Ubuntu Commonsense Security

As you start to understand how Ubuntu works, you’ll become more and more aware of commonsense methods that will protect your system. However, we’ll outline a few of these now to get you started:

•Entering your password: Be very wary if you’re asked to enter your password (outside of initial login, of course). You’ll be asked to provide your password when following many of the configuration steps within this book, for example, and this is acceptable and safe. But if you’re asked to do so out of the blue, you should be suspicious. If the root password prompt dialog box  appearsnwhen you run a file that shouldn’t really need root permissions, such as an MP3 or OpenOffice.org file, you should treat the situation with caution.

• Creating perfect passwords: Setting up good security inevitably involves having a good, strong password. The challenge is to create something easy to remember but hard to crack, so it should involve punctuation, numbers, and an assortment of uppercase and lowercase letters. Perhaps you could base a password on a favorite song. For instance, TiaLTNGO@TQiD1986-4:02 is a great password. To remember it, I just need to know that “There is a Light That Never Goes Out” was a track on The Queen is Dead released by The Smiths in 1986, and it was 4 minutes and 2 seconds long. In contrast, password, password4, and andy1302 are poor because they are open to dictionary attacks, in the case of the first two, or personal information attack in the third case.

• Installing new software: Be careful in choosing programs to download and install. Because Linux works on the basis of open source code, theoretically, anyone can tamper with a program and then offer it for download by the unwary. This rarely happens in real life. Even so, it’s wise to avoid downloading programs from unofficial sources, such as web sites you find online via a search engine and whose authenticity you cannot totally trust. Instead, get software from the web site of the people who made it in the first place or, ideally, from the official Ubuntu software repositories.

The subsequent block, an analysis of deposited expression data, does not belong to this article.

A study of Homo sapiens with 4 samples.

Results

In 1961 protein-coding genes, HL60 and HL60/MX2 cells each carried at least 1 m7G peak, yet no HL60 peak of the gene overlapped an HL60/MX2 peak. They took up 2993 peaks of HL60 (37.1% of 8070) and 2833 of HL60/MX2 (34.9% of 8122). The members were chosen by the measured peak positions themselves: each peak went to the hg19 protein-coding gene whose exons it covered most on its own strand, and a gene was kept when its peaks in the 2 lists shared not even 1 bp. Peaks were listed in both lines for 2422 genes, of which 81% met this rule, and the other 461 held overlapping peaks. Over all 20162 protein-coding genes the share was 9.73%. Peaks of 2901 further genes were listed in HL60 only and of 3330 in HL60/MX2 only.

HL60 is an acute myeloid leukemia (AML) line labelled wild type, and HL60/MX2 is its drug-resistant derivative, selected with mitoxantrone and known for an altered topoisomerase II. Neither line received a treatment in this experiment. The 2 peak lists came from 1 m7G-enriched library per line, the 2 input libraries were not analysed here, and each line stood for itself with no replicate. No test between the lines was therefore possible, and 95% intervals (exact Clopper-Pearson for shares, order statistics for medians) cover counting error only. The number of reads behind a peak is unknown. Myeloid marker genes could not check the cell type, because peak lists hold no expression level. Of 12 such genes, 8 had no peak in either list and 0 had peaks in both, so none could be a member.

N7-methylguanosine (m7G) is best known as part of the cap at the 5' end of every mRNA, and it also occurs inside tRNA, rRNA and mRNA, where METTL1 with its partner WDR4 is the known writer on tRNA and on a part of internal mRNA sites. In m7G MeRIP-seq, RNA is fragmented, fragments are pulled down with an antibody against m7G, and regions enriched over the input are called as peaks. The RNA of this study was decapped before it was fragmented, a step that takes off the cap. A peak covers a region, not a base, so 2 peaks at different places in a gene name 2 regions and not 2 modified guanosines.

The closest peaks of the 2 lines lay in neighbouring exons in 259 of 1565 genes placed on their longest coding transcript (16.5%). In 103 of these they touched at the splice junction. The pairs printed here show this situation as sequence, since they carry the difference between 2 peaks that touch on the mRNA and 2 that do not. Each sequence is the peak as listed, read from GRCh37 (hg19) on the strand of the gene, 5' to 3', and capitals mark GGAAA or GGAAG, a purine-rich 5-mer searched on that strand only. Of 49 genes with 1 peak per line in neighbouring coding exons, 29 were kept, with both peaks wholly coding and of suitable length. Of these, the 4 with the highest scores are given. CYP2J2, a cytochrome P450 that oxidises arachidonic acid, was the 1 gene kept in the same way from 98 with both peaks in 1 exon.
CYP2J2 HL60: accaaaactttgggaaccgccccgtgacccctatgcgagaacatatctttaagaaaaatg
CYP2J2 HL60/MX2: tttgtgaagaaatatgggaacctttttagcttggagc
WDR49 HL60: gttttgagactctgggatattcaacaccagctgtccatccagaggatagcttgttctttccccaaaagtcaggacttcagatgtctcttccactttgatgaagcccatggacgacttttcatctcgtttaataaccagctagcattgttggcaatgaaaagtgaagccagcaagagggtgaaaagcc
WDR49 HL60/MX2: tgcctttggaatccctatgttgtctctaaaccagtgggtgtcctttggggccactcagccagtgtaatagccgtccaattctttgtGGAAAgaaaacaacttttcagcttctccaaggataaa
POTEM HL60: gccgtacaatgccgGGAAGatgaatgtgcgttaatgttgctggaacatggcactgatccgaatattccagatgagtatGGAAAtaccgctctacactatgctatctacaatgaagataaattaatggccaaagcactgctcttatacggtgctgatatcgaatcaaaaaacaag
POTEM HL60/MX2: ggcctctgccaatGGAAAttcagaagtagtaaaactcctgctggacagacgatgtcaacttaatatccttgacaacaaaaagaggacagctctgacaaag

Screenshot from 2020-06-05 23-09-47

Figure . Beware if you’re asked to type your password out of the blue and for no apparent reason.

• Updating your system: Always ensure that your system software is completely up-to-date. As with Windows, many Ubuntu programs have bugs that lead to security holes. Crackers target such vulnerabilities. Downloading the latest versions of Ubuntu software ensures that you not only get the latest features, but also any patches for critical security holes. As with most versions of Linux, updating Ubuntu is easy, and, of course, it’s also free of charge.

• Locking up your PC: Attacks can be either remote or local, so in addition to online security, you should limit who has physical access to your computer. Any Ubuntu system can be compromised by a simple floppy boot disk, or even by just selecting the rescue mode entry on the boot menu, which provides the user with root access to the computer. This is for obvious reasons; the idea of a boot disk or the rescue mode is to let you fix your PC should something go wrong, and you cannot do this if you’re blocked from accessing certain files. When Linux is used on servers that hold confidential data, it’s not uncommon for the floppy and CD-ROM drives to be removed, thus avoiding booting via a boot disk. Such computers are also usually locked away in a room or even in a cupboard, denying physical access to the machine. Another option might be to add a BIOS password to the computer, meaning you’ll be prompted for it during the boot process. The method for setting this up depends on your computer type, but generally, look for the BIOS Setup option when the computer is booting. Obviously, make sure you never forget a BIOS password, because a computer that doesn’t boot is not very useful.